My reminiscence in the last post, of lessons with Marj Barstow, re-connected me to the author of another very useful book on the Alexander Technique. Robert Rickover started visiting Lincoln and studying with Marj soon after I moved to New York – our paths have not crossed very often, but we certainly share many common colleagues and the benefit of Marj’s unique perspective.
Robert’s intellectual and scientific background in combination with the highly practical influence of Marj’s teaching are expressed in his book Fitness Without Stress. Besides being a general guide to Alexander’s work and how to learn it, the book is filled with fascinating accounts from people who have successfully applied the Technique in many and varied activities (including a riding instructor).
This book made a strong impression on me, and one resonant piece of information it contains is that releasing excess tension can, in and of itself, measurably raise a person’s level of fitness. The documented effects relate to both cardiovascular efficiency and oxygen utilization. This particular fact amazed me when I first read the book a number of years ago, but has been experientially proven in my own aikido training, particularly during the vigorous role of taking continuous ukemi (falling). Yet doesn’t it make sense that our habits of movement, which add constriction and put unnecessary pressure on our joints, actually “hold us back” and keep us from being our fittest?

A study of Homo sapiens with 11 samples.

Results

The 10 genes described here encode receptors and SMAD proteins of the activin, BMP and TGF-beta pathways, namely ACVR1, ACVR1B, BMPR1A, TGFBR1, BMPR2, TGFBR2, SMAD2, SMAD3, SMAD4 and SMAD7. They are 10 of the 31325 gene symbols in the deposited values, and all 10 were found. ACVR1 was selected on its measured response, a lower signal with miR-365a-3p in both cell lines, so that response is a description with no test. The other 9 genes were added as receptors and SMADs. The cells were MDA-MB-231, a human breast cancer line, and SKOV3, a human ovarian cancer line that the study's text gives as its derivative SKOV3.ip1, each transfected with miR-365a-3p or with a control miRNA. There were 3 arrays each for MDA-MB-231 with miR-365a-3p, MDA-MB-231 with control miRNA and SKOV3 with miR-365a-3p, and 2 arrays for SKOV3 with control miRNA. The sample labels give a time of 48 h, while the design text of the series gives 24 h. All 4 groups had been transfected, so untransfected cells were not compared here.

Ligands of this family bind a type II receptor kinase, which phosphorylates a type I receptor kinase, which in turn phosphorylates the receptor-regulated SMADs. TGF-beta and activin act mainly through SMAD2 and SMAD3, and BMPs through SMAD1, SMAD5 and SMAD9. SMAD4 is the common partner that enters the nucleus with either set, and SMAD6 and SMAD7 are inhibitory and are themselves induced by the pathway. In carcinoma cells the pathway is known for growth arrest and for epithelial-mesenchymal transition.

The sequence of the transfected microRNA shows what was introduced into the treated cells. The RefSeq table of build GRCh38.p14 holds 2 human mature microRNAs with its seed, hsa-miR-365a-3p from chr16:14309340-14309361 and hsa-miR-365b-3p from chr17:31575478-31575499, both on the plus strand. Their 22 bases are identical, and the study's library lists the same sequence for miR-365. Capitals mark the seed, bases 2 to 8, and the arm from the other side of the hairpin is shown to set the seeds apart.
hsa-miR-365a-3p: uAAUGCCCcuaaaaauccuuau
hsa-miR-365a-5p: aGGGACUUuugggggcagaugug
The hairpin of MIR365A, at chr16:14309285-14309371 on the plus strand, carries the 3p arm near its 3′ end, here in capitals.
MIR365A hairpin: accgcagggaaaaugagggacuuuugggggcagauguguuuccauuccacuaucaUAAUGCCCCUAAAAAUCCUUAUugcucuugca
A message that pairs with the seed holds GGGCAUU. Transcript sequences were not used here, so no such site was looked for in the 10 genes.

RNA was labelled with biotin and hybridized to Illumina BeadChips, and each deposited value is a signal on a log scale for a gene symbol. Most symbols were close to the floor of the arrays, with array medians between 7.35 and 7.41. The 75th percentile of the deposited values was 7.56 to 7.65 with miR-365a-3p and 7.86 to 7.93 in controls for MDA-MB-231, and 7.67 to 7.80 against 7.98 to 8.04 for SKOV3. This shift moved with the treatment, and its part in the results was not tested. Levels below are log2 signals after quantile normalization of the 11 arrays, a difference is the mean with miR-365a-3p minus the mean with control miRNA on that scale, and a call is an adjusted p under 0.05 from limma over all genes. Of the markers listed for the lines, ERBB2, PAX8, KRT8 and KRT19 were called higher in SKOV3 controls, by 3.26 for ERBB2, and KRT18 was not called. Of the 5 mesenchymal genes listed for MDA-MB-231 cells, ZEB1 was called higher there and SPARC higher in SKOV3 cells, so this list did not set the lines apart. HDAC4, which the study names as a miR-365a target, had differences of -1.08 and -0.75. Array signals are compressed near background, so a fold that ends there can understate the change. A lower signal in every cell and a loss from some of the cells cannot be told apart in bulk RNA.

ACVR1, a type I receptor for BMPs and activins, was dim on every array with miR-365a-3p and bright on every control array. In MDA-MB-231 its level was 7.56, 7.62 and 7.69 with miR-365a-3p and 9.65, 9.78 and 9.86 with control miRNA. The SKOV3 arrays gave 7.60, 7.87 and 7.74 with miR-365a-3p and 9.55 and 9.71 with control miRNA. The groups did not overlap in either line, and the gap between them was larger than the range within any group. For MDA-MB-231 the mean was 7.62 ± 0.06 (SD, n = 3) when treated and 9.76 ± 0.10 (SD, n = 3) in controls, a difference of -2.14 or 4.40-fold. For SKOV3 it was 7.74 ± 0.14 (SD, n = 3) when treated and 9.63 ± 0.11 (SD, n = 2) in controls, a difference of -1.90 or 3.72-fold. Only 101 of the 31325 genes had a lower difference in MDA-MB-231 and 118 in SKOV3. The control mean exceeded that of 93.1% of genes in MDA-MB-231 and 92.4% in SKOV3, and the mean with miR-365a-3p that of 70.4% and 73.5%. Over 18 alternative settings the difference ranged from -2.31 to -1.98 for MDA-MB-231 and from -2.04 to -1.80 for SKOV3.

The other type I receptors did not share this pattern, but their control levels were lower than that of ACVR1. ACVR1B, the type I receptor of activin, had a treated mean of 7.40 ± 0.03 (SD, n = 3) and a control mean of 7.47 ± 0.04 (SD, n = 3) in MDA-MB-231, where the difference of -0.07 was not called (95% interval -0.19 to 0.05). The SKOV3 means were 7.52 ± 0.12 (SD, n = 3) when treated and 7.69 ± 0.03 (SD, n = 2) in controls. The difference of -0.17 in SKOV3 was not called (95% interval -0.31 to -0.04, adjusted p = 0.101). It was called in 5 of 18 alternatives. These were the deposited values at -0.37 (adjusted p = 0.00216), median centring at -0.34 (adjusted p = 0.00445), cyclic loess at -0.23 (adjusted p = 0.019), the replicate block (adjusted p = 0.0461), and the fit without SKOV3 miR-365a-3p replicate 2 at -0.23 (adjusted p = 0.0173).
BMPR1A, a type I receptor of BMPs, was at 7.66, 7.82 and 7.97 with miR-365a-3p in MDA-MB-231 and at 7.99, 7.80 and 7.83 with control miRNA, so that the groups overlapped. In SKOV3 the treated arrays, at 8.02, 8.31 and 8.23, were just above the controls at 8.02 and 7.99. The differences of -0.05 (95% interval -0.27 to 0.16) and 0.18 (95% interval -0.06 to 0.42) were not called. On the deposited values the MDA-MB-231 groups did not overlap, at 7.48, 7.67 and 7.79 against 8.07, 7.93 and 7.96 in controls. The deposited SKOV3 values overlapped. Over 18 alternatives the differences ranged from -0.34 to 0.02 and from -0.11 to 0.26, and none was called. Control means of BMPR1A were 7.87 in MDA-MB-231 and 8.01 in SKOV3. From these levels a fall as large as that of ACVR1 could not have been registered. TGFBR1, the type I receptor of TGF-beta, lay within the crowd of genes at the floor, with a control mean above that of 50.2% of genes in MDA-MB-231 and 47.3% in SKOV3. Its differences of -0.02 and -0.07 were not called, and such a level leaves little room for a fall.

Some activities by their very nature contain a potential for generating more wholeness – yoga, aikido and tai chi come to mind, along with of course lately for me, the art of riding a horse. Yet, every human endeavour has this potential and the masters of any art or sport demonstrate an exquisitely integrated use of self. Everyone will have their own favorite examples: Horowitz, Tiger Woods, Baryshnikov, Anky van Grunsven.
Just as it is not possible to produce beautiful music on an instrument that is not properly tuned, so we struggle against ourselves and develop compensatory habits when we attempt to learn a new skill or to raise our level of fitness without a way to restore the integrity of our original coordination. Applying Alexander’s principle allows us to tune ourselves, inside and out, mind and body, so that we bring a more harmonious self to whatever activity we are interested in studying. Alexander was not only ahead of his time, but I often muse that he is still ahead of ours, given the deeply essential quality of his discovery.
The subjects of ‘fitness’ and of ‘stress’ already fill many volumes. So in this post, I simply ask how releasing stress by letting go of habits of unnecessary tension reveals our fundamental integration and wholeness, and how does this quality of wholeness enhance our fitness?
Robert’s websites offer a tremendous wealth of information and resources to anyone interested in all the aspects of Alexander’s discovery (links in the sidebar: The Complete Guide to the Alexander Technique, and, Marjorie Barstow).
Above, the very fit and relaxed rider Annelie Andersson-Beck on her very fit Swedish warmblood, Sober -- as relaxed as such an athletic and eager horse can be. Annelie continues to inspire and impress me with her dedication to excellence, through her study of both classical riding technique and the system of Centered Riding. She told me that she has recently started to learn Tai Chi and that riding is “so easy” (for her) in comparison!